Dropbox: Authentication Bug Left Cloud Storage Accounts Wide Open

Dropbox confirmed that an authentication bug opened a gaping security hole in its cloud storage service which let any password be used to log into any of its 25 million users' accounts.

The company said the four-hour glitch, during which any Dropbox cloud storage account could be accessed without the proper credentials, "should never have happened."

Late Monday, Dropbox users reported being able to log into their Dropbox accounts using any password. Users quickly took to Twitter and Dropbox's user forums, starting a discussion thread called "Drop box web interface was WIDE OPEN for some time yesterday." The first post shared a tale of logging into various Dropbox accounts without the correct password.

"Yesterday afternoon (around 2 or 3 pm central time), while using the web interface to access my dad's Dropbox account (with his permission), I discovered that I was able to log into his account using an incorrect password (he had mis-remembered it). When I discovered this, I tried my own account using 10 or so completely random strings -- each one let me into my account. I also used a friend's e-mail which I know has a Dropbox account, and was able to get into his account using multiple random passwords," a Dropbox user named Stephen C. posted. "I did NOT do anything malicious though -- it was just to verify that the behavior was global. Somehow some maintenance you were doing to the website or something disabled http authentication!!!!!! This is a big deal. The hole seemed to be closed again a few hours later (around 8 pm central time.)"


"A very small number of users (much less than 1 percent) logged in during that period, some of whom could have logged into an account without the correct password. As a precaution, we ended all logged in sessions," Ferdowsi wrote.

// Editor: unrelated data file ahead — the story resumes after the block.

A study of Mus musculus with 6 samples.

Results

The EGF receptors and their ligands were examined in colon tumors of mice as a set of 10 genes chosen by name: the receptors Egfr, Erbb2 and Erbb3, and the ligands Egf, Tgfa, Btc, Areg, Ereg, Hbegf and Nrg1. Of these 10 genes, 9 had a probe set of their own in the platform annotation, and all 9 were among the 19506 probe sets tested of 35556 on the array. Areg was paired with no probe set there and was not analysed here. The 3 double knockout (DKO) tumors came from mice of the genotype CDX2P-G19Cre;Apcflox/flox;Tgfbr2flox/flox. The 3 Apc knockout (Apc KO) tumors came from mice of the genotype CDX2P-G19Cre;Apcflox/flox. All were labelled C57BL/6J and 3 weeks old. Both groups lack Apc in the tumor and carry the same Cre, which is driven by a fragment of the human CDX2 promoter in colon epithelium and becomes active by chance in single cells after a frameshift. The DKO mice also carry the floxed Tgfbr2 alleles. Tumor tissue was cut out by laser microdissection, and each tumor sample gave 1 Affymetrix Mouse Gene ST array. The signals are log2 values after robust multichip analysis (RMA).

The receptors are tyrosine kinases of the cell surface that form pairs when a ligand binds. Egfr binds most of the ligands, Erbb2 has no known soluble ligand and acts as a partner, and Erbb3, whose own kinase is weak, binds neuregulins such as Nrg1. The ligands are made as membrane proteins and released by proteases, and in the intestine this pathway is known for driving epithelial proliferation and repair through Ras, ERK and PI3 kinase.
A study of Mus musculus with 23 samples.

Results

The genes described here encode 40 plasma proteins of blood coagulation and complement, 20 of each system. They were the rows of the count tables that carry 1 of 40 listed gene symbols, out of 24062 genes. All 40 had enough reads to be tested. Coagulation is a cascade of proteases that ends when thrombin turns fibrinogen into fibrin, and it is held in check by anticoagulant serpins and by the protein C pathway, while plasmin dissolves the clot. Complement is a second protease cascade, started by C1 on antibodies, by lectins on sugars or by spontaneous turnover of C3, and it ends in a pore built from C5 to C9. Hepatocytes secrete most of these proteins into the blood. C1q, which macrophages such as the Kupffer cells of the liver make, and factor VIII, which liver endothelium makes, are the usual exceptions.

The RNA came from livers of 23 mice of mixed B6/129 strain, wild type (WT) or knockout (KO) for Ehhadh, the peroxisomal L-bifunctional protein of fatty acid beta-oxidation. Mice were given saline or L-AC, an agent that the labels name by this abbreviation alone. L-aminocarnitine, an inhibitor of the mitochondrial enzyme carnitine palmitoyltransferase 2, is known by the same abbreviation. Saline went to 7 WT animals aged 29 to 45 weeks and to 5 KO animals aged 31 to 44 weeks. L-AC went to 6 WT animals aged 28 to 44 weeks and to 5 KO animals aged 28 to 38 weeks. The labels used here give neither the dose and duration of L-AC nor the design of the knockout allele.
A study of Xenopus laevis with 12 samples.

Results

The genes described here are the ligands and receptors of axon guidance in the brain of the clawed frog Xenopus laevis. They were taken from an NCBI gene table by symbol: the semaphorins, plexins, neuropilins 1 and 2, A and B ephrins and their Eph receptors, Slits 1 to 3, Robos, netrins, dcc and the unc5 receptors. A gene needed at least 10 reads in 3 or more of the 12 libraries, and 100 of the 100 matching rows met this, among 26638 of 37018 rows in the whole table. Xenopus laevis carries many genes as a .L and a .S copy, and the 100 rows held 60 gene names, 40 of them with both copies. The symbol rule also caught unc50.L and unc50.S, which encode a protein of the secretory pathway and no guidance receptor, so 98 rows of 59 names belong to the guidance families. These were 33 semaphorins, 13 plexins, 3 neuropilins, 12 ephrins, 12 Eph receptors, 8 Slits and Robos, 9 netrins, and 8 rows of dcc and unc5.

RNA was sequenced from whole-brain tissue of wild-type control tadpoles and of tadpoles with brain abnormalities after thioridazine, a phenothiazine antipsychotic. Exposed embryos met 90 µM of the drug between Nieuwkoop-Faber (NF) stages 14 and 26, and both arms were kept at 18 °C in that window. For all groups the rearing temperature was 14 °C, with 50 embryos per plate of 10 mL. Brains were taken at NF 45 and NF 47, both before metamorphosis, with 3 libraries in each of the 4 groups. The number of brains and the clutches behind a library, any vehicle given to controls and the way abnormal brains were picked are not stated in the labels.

Ferdowsi said Dropbox will continue its investigation to determine whether any accounts were improperly accessed and will notify account holders of any instances of unusual activity. Dropbox also asked concerned users to contact the company with questions.

"This should never have happened," Ferdowsi wrote. "We are scrutinizing our controls and we will be implementing additional safeguards to prevent this from happening again."

NEXT: Users React To Dropbox Authentication Bug

In an update at 1:46 a.m., Dropbox said it would notify affected users within the next few hours as the company works "around the clock" to gather data and review log-ins to Dropbox cloud storage accounts.

"We are sorry for this and regardless of how many people were ultimately affected, any exposure at all is unacceptable to us. We will continue to provide regular updates," Ferdowsi wrote.

By 5:49 a.m. Tuesday, Dropbox said had contacted all accounts that had logged in during the four-hour stretch when password protection and authentication were down. Ferdowsi said those users were e-mailed with additional activity-related details for review.

The apology, however, didn't do much to calm angered customers, who posted their concerns and frustrations at the end of Ferdowsi's blog post. Dropbox boasts 25 million users in 175 countries and claims that more than 200 million files are saved on Dropbox daily.

One user wrote: "This is completely unacceptable and warrants hourly updates until you know exactly what happened. When security is critical to your offering, you should be running unit tests on every deployment and additional security tests. This clearly indicates the need for re-engineering Dropbox security."

That same user said Dropbox's lack of transparency and communication around the issue was not up to snuff and that users should have been notified of the authentication bug sooner. "This fire is about to get kindled unless you put it out with full and complete transparency," that user wrote.

Meanwhile, other users expressed concern over the potential for their data to be compromised.

"I stored my tax returns on my DropBox account. Am I an idiot for having trusted Dropbox's promises of security?" one user asked.

Dropbox's authentication bug brings the thorny issue of cloud security back to the forefront. As cloud computing continues to take hold, many businesses and users are concerned about turning their data over to a third-party and worry that it could be accessed by others. The Dropbox authentication bug, coupled with a recent spate of high-profile cloud outages, has called into question the reliability of cloud services. Despite questions and concerns surrounding the cloud, IDC research predicted this week that the public cloud market will top $72 billion by 2015.